Observation and Modeling of Extrasolar Planets

Carter, Andrew James (2012). Observation and Modeling of Extrasolar Planets. PhD thesis The Open University.

DOI: https://doi.org/10.21954/ou.ro.0000ee26

Abstract

The field of exoplanet research has currently yielded the discovery of 552 planets. This figure includes 132 transiting planets which can be studied in greater detail and have formed the cornerstone of research to characterise the exoplanet population. In particular, such studies seek to analyse the planetary atmospheres, but research has thus far yielded more questions than answers.

Exoplanetary atmospheric studies have typically focussed on one planet apiece - complicating any comparative analysis as every result employs different methods and instruments. For a comprehensive, comparative study, a robust and reliable means of reducing and analysing such observations is required, along with a body of data from a single instrument.

One such instrument is the Bubble Space Telescope (BST) whose NICMOS (Near Infrared Camera and Multi-Object Spectrometer) instrument has observed the transits of nine extrasolar planets across multiple wavelengths in the near-infrared. A robust pipeline has been developed to reduce all such observations using the fame techniques.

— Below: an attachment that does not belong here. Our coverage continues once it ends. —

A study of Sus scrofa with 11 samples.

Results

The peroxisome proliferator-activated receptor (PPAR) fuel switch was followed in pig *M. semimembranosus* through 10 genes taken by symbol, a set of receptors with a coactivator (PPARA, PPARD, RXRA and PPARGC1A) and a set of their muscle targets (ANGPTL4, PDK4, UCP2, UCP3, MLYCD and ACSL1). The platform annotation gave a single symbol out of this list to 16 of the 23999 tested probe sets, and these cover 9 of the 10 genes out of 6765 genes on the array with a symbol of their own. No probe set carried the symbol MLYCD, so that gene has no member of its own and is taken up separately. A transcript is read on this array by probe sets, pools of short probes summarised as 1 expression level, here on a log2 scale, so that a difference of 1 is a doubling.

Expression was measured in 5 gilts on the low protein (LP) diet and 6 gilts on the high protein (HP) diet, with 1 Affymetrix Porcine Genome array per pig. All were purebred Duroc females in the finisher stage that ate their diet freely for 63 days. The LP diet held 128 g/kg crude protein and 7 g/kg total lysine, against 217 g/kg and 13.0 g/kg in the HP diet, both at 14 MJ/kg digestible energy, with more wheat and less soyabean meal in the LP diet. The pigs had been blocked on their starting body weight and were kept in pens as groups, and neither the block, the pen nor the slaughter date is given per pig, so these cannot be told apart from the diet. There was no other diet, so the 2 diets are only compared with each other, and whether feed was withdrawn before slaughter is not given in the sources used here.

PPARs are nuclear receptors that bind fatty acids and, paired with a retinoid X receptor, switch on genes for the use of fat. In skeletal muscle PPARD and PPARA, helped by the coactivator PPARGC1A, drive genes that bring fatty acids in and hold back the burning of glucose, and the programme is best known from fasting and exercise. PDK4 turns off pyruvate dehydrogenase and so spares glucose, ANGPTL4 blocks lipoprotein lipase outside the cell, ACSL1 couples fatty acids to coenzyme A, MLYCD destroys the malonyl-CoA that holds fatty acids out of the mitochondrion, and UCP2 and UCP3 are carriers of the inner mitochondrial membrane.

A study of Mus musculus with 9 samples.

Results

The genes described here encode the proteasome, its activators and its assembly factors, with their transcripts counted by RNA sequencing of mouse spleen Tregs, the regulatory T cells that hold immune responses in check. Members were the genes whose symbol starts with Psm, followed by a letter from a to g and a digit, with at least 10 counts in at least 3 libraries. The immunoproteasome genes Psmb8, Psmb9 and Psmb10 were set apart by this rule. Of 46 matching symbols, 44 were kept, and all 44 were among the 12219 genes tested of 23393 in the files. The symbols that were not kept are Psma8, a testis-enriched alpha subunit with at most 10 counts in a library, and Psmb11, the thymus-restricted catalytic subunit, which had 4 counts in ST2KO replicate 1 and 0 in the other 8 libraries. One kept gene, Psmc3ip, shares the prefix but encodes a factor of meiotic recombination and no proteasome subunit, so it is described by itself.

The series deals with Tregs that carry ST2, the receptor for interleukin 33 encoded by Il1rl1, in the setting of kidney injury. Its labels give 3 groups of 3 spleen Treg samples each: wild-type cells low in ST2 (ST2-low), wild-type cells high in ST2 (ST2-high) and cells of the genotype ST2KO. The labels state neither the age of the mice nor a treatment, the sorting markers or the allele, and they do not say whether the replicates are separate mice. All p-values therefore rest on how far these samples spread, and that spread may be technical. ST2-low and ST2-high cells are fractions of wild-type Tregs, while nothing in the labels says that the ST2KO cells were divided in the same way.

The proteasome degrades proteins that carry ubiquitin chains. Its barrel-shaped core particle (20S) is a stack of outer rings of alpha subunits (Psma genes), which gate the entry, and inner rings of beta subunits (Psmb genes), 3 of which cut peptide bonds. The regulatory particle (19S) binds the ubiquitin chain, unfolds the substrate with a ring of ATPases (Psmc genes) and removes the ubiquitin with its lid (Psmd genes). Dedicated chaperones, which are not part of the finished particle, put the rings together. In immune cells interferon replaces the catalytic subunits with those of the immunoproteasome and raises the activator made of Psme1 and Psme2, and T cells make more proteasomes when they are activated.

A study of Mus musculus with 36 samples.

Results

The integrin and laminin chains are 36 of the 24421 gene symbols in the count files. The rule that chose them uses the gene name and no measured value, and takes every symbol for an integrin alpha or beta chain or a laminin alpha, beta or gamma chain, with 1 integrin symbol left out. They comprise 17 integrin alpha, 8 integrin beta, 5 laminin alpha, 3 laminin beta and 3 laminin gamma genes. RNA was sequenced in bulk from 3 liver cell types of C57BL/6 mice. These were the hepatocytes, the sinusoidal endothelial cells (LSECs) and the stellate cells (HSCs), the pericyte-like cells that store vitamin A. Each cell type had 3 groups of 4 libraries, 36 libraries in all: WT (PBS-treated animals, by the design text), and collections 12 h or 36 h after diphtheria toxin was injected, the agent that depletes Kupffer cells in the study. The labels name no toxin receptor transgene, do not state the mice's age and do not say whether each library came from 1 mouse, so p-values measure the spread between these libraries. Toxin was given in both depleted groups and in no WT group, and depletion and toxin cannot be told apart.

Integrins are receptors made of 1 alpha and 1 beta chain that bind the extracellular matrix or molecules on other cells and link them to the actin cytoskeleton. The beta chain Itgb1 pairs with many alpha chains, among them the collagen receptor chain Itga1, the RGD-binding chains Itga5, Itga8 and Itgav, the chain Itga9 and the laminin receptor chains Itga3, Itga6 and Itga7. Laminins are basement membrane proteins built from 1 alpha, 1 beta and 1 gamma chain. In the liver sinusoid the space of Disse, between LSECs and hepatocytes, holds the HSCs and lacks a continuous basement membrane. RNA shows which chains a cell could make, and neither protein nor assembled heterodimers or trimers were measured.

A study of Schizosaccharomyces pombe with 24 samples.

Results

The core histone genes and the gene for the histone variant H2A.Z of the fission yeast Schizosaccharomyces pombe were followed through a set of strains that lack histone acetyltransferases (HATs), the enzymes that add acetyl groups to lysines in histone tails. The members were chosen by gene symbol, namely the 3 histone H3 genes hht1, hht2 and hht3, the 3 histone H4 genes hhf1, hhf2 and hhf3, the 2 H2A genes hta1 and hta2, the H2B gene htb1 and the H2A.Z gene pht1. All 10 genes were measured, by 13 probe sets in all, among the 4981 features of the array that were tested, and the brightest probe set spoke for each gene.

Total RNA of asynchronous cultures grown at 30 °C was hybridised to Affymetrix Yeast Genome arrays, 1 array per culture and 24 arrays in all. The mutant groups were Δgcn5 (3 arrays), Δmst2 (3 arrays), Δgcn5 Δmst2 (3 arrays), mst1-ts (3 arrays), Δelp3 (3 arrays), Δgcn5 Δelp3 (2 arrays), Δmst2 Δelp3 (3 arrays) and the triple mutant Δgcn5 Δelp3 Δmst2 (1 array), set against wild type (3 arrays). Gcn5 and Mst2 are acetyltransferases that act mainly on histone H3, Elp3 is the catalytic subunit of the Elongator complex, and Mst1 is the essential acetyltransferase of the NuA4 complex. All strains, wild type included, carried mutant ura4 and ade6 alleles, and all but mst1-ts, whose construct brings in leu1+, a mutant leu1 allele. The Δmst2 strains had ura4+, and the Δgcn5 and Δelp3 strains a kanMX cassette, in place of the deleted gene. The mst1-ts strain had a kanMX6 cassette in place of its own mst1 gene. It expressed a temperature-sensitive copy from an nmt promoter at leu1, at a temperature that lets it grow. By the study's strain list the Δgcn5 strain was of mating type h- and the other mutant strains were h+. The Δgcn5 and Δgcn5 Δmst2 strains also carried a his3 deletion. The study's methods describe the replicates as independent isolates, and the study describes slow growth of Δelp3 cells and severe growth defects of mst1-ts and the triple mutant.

This pipeline reduces grism images of an exoplanet host star across a transit event. These exposures are checked for bad pixels, flat fielded and background-subtracted before robust extraction of a transit light curve. This light curve is then detrended to remove systematic noise by application of a new technique developed in this study. Following detrending, the light curve is modelled using a be- spoke MCMC (Markov-Chain Monte-Carlo) algorithm to determine the planetary parameters. A continuum of wavelength-dependent transit light curves is also extracted, detrended and modelled to de- termine the variation in transit depth with wavelength; and .hereby infer the transmission spectrum of the planet's atmosphere.

The finished pipeline has been applied to three sets of HST NIC- MOS observations covering the transits of WASP-2b, HD189733b and GJ436b. For each data set, a new set of planetary parameters has been derived and for WASP-2b and HD189733b an atmospheric transmission spectrum extracted. Both spectra show signs of atmospheric haze and molecular absorption, but also evidence of residual systematic noise, complicating analysis.